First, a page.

Teen Drug Use Holds Steady, With Major Exception
Psychiatric News
Volume 36 Number 2 page 13-13

A survey of illicit drug use among eighth, 10th, and 12th graders across the U.S. released last month, showed overall use of illicit drugs to be largely unchanged over the past year. However, one very dangerous illicit drug, the club drug known as Ecstasy (see story below), continues to expand its alarming and often deadly popularity with the nation’s youth.

The 2000 Monitoring the Future Survey (MTF), released by the U.S. Department of Health and Human Services (HHS), marks the fourth year in a row that the use of any illicit drugs among teenagers has either stayed level or decreased rather than showing the characteristic yearly increases of the early and middle 1990s.

Along with the drug abuse data, which report on 45,000 youths, the survey documented a significant decline in teen cigarette use. Alcohol use, the final component of the survey, remained largely unchanged from 1999 to 2000.

"This year’s survey," said Donna Shalala, HHS secretary, "confirms that teens’ use of marijuana and most other drugs has leveled off and even decreased among younger students. And we’ve also begun to have a positive impact on teen smoking. But we must remain vigilant to new threats, particularly that of the so-called club drugs such as Ecstasy."

"We are greatly encouraged by the results of the MTF survey," said Barry McCaffrey, director of the White House Office of National Drug Control Policy. "The national drug control strategy is working. We have seen a continued downward trend in overall drug use among youth. Heroin use is down among eighth graders, a good sign for the future and reversing the heroin upsurge of recent years. Cocaine use is down among 12th graders following recent reductions in cocaine abuse in younger ages. However, the increase in Ecstasy use is a cause for concern that needs to be addressed, and the National Youth Media Campaign’s radio and TV ads target this threat."

The National Youth Media Campaign was organized by the National Institute on Drug Abuse (NIDA) last year as part of a media blitz that included television, radio, print, and electronic (World Wide Web) public service announcements (Psychiatric News, May 5, 2000). The goal of the campaign was to work proactively to educate teens, parents, and school professionals about the dangers of club drugs, including Ecstasy.

"Last year when it was first reported that the use of ‘club drugs’ was on the rise, we proactively launched a special Web site to disseminate reliable, science-based information that almost a half a million people have visited," said Alan I. Leshner, Ph.D., director of NIDA. The information is getting out there, but a better job needs to be done to help teens understand the implications of these dangerous drugs, he believes.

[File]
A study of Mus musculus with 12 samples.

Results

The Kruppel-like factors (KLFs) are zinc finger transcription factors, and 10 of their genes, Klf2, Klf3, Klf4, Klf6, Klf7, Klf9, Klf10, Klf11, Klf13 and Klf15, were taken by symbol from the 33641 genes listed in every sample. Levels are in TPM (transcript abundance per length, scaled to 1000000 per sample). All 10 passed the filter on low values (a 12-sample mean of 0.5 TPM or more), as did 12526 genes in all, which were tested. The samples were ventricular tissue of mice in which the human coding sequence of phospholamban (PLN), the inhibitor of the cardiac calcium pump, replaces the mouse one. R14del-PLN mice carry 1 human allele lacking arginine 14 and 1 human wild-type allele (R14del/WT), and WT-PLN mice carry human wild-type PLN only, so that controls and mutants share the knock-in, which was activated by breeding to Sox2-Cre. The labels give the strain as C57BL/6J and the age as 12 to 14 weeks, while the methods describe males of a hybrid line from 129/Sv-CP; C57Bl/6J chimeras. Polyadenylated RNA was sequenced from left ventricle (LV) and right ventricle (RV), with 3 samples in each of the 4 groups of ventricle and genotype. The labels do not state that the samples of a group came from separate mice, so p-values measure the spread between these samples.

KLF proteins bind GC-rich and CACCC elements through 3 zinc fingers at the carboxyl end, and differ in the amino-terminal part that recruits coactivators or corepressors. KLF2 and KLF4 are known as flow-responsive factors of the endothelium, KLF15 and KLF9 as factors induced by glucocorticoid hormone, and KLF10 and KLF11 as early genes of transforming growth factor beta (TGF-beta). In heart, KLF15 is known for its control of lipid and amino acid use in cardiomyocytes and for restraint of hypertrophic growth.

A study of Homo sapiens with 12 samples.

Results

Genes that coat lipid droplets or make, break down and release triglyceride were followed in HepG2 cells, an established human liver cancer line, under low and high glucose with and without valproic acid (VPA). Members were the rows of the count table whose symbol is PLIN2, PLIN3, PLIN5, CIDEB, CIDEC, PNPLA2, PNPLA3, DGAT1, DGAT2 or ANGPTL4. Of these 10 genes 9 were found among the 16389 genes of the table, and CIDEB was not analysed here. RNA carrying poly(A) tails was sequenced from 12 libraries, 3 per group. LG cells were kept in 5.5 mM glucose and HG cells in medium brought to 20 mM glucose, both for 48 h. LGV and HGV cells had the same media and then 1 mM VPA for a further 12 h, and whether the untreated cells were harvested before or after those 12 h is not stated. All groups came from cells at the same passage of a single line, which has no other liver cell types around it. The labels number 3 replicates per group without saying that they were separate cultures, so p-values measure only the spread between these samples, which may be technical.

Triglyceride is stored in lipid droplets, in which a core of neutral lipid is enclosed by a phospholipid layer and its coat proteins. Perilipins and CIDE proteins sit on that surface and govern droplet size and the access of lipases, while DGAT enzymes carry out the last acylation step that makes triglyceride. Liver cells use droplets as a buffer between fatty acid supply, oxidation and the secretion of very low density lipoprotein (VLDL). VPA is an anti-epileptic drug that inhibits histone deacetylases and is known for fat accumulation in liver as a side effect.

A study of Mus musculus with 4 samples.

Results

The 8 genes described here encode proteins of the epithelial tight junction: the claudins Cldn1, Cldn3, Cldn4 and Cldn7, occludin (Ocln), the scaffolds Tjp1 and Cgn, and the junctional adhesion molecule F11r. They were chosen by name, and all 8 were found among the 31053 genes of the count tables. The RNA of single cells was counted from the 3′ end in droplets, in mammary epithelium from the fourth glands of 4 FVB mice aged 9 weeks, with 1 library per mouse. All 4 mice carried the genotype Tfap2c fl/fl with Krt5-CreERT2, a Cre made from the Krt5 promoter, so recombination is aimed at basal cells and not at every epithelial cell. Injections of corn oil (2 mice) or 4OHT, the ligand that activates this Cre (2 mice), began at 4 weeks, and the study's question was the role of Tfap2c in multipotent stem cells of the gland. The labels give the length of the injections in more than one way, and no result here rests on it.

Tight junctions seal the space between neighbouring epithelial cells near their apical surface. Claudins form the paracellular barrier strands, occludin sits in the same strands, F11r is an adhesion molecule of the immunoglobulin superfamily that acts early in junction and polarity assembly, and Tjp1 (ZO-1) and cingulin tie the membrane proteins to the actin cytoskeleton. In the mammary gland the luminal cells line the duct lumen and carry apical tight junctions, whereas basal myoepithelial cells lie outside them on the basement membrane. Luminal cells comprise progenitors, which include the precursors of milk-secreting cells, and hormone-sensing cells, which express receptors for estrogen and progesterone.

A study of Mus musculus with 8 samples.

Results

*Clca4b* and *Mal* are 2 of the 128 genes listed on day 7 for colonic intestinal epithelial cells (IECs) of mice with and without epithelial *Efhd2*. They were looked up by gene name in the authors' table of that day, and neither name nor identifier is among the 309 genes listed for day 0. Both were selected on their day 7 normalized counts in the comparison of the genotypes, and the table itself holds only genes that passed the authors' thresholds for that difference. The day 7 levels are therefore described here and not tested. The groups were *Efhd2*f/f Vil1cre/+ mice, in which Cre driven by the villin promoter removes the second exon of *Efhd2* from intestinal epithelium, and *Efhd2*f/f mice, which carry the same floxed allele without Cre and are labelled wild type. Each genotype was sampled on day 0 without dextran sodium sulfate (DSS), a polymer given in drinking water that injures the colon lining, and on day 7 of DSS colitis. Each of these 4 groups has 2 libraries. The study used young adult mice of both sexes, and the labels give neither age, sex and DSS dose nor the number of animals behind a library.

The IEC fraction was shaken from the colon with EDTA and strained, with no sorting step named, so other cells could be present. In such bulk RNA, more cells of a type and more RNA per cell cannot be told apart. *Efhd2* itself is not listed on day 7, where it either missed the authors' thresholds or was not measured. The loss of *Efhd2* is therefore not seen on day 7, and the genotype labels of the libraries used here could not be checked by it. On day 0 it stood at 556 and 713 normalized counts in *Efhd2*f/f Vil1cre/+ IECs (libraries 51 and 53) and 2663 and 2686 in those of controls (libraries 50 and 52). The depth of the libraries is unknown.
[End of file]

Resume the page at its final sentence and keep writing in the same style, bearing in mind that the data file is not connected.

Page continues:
"Young people have not yet come to see Ecstasy as a very dangerous drug," said Lloyd D. Johnston, M.D., principal investigator for the MTF survey and senior research scientist at the Survey Research Center of the University of Michigan Institute for Social Research. "Until they do," Johnston added, "we are unlikely to see the situation turn around."

Johnston noted that in 1999 the survey reported a sharp increase in Ecstasy use among 10th and 12th graders, an increase that continued this year. But this year, a new finding occurred. For the first time, Johnston said, the growing popularity of the drug is now evident among eighth graders as well. The change was quite dramatic; in 1999, 1.7 percent of eighth graders reported using Ecstasy within the preceding 12 months; in the 2000 MTF, 3.1 percent of eighth graders said they had used Ecstasy in the preceding year.

Other findings of the 2000 MTF include a sharp rise in steroid use among both eighth and 12th graders, a decrease in heroin use among eighth graders, the substantial and continuing decline in teen use of cigarettes and smokeless tobacco, and the relatively stable statistics on alcohol use in teens. Marijuana remains the most widely used illicit drug in the age group with only a modest decline in use by eighth graders. Marijuana use peaked in 1997 for 10th and 12th graders and has not declined significantly since.

The Monitoring the Future 2000 Survey results are posted on the Web at www.monitoringthefuture.org.